Step 2: Select the Limitation
According to the National Institute of Health, eight out of ten adults will have a low back problem at some time in their lives. The human spine consists of several vertebra, small bones that are stacked on top of each other to form the spinal column. Between each vertebra is a cushion known as a disc. The vertebrae are joined by ligaments, and muscles are attached to the vertebrae by bands of tissue called tendons. Openings in each vertebra line up to form a long hollow canal. The spinal cord runs through this canal from the base of the brain. Nerves from the spinal cord branch outward and leave the spine through the spaces between the vertebrae. Any problem with the bones, muscles, ligaments, tendons, nerves, or bones in the back causes pain that is easily aggravated. Moving may cause just as much pain as remaining in a static position. A low back problem may come on suddenly or gradually. It is acute if it lasts a short time, usually a few days to several weeks. An episode that lasts longer than three months is often considered chronic. Many symptoms are from muscle tension or spasm, back sprains, ligament or muscle tears, and joint problems. Other impairments, such as arthritis and obesity, may also lead to back impairments or limitations typically associated with back impairments, e.g., lifting.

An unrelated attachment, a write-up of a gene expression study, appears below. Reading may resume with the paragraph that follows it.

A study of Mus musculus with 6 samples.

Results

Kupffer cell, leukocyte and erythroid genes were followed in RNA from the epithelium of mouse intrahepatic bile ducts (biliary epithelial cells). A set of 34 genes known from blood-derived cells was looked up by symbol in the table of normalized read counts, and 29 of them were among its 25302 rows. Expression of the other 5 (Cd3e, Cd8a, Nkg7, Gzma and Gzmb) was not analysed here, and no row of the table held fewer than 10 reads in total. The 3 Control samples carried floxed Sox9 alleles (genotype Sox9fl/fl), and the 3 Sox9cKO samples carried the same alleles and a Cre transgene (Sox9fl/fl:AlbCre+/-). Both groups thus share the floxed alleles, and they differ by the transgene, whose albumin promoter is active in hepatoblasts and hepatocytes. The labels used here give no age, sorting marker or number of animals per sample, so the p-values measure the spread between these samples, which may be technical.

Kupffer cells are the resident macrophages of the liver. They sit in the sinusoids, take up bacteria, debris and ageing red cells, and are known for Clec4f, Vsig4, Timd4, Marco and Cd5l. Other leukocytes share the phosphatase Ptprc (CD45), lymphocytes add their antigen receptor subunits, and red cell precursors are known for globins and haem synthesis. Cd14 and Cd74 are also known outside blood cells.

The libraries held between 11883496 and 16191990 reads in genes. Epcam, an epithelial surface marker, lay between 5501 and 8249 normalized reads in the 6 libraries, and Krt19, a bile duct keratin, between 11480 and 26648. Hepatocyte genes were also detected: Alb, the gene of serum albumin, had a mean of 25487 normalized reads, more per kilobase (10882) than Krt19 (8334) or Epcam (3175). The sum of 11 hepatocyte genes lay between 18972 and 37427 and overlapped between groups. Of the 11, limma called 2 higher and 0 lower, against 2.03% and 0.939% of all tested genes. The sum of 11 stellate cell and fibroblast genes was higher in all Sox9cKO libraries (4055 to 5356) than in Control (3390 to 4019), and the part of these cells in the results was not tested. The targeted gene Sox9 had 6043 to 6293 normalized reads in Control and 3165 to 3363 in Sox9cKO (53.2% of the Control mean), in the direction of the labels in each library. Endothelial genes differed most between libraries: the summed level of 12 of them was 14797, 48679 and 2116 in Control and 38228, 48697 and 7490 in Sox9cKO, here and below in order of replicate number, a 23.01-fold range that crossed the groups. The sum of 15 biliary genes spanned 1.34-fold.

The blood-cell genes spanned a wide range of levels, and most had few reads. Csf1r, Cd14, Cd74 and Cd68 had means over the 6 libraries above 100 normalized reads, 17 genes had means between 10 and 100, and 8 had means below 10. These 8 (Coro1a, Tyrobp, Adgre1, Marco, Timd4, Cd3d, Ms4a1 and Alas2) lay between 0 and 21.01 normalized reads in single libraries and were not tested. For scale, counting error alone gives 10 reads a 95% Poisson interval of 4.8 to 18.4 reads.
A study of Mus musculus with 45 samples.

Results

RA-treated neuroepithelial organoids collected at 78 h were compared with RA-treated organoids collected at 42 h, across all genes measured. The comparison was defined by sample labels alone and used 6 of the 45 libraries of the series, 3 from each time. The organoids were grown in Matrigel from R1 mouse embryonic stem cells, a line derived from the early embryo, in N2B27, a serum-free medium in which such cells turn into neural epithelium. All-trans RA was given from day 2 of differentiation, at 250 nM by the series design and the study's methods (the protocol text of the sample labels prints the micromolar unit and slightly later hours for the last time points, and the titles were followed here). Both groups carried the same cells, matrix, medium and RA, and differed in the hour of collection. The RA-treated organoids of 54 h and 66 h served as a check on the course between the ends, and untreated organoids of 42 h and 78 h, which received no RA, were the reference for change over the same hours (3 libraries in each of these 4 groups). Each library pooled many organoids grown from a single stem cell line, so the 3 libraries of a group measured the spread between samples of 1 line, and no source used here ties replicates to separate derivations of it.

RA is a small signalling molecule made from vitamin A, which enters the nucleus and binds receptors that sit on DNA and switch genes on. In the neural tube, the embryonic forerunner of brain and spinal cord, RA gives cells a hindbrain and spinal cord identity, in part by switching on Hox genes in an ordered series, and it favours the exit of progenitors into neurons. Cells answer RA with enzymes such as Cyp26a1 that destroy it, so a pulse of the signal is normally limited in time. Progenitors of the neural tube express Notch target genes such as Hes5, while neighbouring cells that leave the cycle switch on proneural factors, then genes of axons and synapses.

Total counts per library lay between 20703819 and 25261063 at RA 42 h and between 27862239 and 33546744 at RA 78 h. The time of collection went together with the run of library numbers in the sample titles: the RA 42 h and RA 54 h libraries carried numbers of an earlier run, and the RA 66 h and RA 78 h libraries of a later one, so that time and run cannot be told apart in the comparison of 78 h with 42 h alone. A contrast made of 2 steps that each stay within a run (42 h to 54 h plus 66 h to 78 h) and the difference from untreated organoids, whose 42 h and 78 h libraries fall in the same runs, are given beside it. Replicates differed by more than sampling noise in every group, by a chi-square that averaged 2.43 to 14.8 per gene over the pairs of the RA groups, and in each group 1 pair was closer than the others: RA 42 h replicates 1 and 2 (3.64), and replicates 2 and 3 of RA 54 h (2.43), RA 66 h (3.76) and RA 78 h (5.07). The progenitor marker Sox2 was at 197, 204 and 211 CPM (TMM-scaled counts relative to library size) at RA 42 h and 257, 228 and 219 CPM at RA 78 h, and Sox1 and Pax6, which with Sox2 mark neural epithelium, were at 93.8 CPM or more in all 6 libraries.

In addition, you can find more information at JAN's A to Z Web page at: http://askjan.org/media/atoz.htm.
- Individual has gross motor limitations that cause difficulty lifting, carrying, moving, transferring, sitting, standing, walking, and climbing and accessing workstations and work-sites.
- Individual has difficulty reaching and bending.
- Individual experiences fatigue and weakness.
- Individual needs medical treatment allowances.
- Individual has difficulty with activities of daily living.